As companies are seeking to move beyond procurement into fully deployed supply chain systems, there are significant opportunities to widen their margins by improving efficiency in their procure-to-pay cycles for many of their contracted services.
We typically find that major challenges where field associates are working from manual or electronic systems, requisitioning onsite services for maintenance or other activities, to ensure that the information is captured effectively. In addition, further challenges exist to ensure that the proper service level agreement is fulfilled, the correct price is charged, the purchase order is transmitted correctly, the invoice matches, and finally, that the supplier is paid the correct amount for the actual services delivered.
The impact of these challenges is additional processing costs, often hidden in the overall ‘central’ cost/ management cost budgets. However, these costs can be reduced and in some cases removed altogether and the great thing is, is that any savings fall straight to the bottom line and increases your margins.
In re-engineering the procure-to-pay process, we recommend that you apply the following 8 stage approach:
1. Secure top management support for the initiative and budgeting for the project. Develop a list of key benefits and deliverables that will occur as a result of the improvements. Document the cost of leaving the system “broken” in its current state.
2. Map existing processes and problems with the P2P cycle. Identify where the breakdowns are occurring and why they are occurring.
3. Understand the needs and requirements of the various user groups. Many of the people involved — maintenance, planning, project management, suppliers, accounts payable, buyers, etc. — have specific issues that prevent them from using the existing system. Also, many of the specific sites may have issues that need to be considered in designing the new system.
4. Team “redesign workshops” should be used to bring together key subject matters experts from each of the business units. Suppliers should also be invited to attend and participate, as they may have solutions they have adopted with other customers that may prove to be efficient and simple to use (i.e., why re-invent the wheel?).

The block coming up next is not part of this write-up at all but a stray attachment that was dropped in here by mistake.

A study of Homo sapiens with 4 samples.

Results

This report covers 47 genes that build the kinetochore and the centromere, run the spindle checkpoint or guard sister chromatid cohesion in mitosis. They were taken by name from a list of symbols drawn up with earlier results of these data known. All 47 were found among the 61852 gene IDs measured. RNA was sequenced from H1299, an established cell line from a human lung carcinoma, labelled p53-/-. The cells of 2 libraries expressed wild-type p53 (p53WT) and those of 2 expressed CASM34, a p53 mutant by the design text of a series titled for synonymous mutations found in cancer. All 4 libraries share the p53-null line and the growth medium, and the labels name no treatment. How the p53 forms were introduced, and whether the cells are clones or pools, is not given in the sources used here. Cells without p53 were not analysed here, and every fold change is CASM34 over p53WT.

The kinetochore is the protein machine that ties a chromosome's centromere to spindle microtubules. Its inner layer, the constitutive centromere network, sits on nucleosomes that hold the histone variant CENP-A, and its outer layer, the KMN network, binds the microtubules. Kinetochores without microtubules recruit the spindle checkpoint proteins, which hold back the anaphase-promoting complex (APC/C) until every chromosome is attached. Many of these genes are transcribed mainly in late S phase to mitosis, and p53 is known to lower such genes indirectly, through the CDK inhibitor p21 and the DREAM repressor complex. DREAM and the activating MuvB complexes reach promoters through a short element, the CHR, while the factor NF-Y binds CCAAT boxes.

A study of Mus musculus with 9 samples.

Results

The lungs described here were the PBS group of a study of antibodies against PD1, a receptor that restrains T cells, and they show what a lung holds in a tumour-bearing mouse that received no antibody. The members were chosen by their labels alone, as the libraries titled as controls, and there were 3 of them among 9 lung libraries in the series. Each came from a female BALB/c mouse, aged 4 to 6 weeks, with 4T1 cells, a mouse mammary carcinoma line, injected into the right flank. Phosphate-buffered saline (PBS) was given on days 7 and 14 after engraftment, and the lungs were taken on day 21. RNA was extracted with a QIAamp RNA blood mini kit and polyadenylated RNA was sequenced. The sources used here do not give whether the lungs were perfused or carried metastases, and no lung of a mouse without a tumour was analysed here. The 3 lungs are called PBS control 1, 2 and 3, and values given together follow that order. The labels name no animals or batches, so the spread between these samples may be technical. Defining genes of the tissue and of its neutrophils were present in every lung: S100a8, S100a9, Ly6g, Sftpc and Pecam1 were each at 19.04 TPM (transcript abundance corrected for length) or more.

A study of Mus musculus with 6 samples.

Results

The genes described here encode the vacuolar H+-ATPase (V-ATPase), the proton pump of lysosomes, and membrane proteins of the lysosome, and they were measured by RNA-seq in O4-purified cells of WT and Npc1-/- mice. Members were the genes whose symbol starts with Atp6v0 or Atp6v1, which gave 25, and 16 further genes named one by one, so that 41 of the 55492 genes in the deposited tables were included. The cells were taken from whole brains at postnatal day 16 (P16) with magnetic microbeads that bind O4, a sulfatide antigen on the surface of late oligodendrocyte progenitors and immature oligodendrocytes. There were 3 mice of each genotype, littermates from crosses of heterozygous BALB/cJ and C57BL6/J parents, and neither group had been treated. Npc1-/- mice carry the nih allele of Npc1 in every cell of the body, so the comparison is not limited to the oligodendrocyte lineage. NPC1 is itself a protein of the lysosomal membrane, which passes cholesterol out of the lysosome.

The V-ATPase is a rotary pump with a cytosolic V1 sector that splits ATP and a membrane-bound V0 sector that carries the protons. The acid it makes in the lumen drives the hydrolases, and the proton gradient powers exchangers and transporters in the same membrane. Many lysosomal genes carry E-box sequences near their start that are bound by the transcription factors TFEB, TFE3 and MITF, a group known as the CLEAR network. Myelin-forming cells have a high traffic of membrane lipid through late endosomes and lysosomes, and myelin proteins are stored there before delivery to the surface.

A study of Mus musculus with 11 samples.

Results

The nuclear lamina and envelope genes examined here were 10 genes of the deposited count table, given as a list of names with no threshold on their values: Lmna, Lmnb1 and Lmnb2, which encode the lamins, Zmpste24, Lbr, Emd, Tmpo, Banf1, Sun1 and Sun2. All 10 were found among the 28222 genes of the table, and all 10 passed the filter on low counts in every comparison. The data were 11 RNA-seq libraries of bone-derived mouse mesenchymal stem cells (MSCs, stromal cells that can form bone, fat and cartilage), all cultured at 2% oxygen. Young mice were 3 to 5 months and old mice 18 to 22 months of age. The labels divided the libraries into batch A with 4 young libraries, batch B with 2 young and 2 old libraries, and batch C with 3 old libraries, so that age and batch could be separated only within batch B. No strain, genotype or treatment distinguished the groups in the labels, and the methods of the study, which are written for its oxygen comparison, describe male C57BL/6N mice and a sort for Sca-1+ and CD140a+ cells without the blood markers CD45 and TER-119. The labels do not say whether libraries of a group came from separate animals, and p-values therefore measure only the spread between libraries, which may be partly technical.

5. Explore existing technology solutions with your ERP solution, as well as bolt-on applications. Map out the business requirements, and ensure they are aligned with the technology solutions that are available. Begin to estimate cost of deployment, and ensure that adequate planning and due diligence is taken at this step.
6. Following the workshops, define the new process and begin to pilot using a planned technology. Ensure that it takes place in a “real” environment, with actual non-trained users involved in the pilot, before cutting over to the next process.
7. Train and deploy other users based on the new processes and systems. Be sure to make the training appropriate to the specific functional unit and user groups.
8. Monitor, update, and improve the system, ensuring that catalogs are kept up to date. Hold periodic meetings with suppliers and user groups to solicit input and identify problems with the systems.
As technology and business requirements evolve, the P2P cycle will probably need to be revisited from time to time to ensure it is meeting the needs of internal customers, and that suppliers are satisfied with the system.
Once you have established a standardised P2P process, you are able to measure the key metrics and implement a continuous improvement approach.
I have helped many clients to widen their margins through improved P2P processing. For a no obligation discussion with one of our consultants, to see how you could benefit, call us today on +44 (0) 161 408 4614.